Health outcomes constitute the basis for any form of evaluation in the context of health. For any scenario involving health assessment, it is essential to determine: which health outcomes matter and capture the essence of the problem; how these outcomes can be measured using methods that are robust, valid, reliable and replicable; and how they can be summarised to reflect their value to relevant groups (e.g. patients, caregivers, clinicians, society).
OHE has established an excellent reputation for leading innovative, ideas-driven and theoretically sound research on the measurement and valuation of outcomes. Our work on this research theme has been undertaken in countries such as the UK, Australia, Canada, China, Ireland, New Zealand, Sweden and the United Arab Emirates. Our expertise includes:
- Measuring the impact of chronic diseases on health and wellbeing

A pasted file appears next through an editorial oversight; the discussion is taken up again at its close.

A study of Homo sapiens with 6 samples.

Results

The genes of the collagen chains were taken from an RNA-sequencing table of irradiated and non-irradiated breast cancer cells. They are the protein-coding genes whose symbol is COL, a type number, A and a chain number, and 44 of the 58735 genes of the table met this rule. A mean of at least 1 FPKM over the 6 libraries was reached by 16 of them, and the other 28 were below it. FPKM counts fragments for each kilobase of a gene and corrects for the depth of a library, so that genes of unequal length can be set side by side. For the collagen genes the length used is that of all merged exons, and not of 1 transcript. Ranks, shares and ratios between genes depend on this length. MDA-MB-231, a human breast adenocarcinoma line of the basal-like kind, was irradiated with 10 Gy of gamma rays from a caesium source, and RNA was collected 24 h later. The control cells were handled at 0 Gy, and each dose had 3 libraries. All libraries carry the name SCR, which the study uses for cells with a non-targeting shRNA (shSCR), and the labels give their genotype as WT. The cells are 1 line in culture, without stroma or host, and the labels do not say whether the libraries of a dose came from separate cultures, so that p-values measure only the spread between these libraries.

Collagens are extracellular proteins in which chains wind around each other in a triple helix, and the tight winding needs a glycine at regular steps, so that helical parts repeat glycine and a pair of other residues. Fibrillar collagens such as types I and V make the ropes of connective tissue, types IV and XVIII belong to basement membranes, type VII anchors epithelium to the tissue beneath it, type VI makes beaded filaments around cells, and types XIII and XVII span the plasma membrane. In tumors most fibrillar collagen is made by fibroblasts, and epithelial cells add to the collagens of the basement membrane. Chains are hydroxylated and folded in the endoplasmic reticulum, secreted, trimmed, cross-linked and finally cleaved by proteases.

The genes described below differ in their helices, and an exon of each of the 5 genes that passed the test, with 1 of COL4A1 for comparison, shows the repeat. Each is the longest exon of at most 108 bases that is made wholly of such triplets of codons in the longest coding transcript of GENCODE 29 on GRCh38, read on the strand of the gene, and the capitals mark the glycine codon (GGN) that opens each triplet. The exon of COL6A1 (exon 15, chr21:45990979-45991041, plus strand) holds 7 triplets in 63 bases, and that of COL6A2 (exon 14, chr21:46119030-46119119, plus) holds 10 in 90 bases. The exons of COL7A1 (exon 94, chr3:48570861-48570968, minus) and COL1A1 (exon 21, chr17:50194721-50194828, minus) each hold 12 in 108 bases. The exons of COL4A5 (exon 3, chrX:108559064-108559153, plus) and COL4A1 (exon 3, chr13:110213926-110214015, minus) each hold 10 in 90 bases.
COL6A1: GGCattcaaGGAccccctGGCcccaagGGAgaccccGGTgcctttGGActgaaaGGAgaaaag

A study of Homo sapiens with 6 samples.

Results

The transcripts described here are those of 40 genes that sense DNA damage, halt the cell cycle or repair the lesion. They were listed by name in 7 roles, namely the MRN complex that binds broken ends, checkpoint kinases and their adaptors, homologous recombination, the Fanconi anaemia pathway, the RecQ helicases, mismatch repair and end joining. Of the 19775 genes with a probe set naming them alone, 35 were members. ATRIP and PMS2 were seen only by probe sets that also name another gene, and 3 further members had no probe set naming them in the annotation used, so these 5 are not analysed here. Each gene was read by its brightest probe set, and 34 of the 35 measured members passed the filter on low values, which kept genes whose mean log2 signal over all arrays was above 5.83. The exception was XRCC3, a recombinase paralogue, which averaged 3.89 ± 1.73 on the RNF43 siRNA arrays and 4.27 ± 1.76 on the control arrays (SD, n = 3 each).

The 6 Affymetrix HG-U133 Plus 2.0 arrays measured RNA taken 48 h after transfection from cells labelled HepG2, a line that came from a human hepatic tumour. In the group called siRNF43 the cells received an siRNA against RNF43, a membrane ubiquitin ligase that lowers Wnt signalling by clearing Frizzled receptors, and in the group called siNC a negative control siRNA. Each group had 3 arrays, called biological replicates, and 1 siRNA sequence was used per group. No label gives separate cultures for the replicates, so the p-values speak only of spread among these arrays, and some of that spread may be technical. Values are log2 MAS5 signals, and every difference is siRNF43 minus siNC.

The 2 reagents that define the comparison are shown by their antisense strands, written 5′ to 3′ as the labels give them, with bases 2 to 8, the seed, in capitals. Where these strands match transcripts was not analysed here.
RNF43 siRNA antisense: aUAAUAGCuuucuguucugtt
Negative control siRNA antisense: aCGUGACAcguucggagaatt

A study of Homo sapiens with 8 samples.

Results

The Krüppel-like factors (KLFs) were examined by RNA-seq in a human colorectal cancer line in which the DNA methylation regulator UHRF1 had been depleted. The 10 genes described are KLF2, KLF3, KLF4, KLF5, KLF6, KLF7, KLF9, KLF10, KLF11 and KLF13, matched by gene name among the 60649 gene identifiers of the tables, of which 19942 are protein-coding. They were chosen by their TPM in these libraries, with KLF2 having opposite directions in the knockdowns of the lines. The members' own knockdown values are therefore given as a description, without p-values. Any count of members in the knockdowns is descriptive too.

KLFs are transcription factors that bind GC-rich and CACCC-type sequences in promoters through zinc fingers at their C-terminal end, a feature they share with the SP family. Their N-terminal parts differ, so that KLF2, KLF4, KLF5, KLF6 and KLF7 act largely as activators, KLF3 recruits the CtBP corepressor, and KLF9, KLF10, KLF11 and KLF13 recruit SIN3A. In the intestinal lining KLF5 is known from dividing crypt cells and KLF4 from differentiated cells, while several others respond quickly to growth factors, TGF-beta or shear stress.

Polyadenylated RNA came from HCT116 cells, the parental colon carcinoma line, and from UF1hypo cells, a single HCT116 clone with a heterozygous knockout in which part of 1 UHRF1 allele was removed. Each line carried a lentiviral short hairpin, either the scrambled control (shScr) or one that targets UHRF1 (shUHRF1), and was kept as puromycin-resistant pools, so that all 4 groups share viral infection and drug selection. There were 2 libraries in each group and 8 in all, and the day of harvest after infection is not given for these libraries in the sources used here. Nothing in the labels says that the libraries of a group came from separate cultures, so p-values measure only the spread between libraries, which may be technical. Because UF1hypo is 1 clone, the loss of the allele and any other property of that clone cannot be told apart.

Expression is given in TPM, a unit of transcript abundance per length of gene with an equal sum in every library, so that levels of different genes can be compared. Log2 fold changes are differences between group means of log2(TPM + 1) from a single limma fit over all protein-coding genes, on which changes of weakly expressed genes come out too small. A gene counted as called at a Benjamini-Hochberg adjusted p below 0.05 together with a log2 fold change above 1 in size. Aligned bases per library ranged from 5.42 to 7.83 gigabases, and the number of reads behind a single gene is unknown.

- Understanding which treatment outcomes matter most to cancer patients
- Valuing EQ-5D health states and generating ‘value sets’
- Valuing health in children and adolescents
- Novel valuation methods, such as directly eliciting ‘personal utility functions’
- Analysing factors that affect the valuation of health states, such as age, religiosity, and experience of health problems
- Assessing the validity and responsiveness of generic and condition-specific preference-based measures of health
- The development and use of patient-reported outcome measures (PROMs) for infants and young children
Key objectives for this research theme:
- Fostering outcomes-led health systems
- Increasing our understanding of patient-relevant outcomes
OHE’s policy position:
- Health care systems should put patient-relevant outcomes at the heart of decisions about funding and providing health and social care.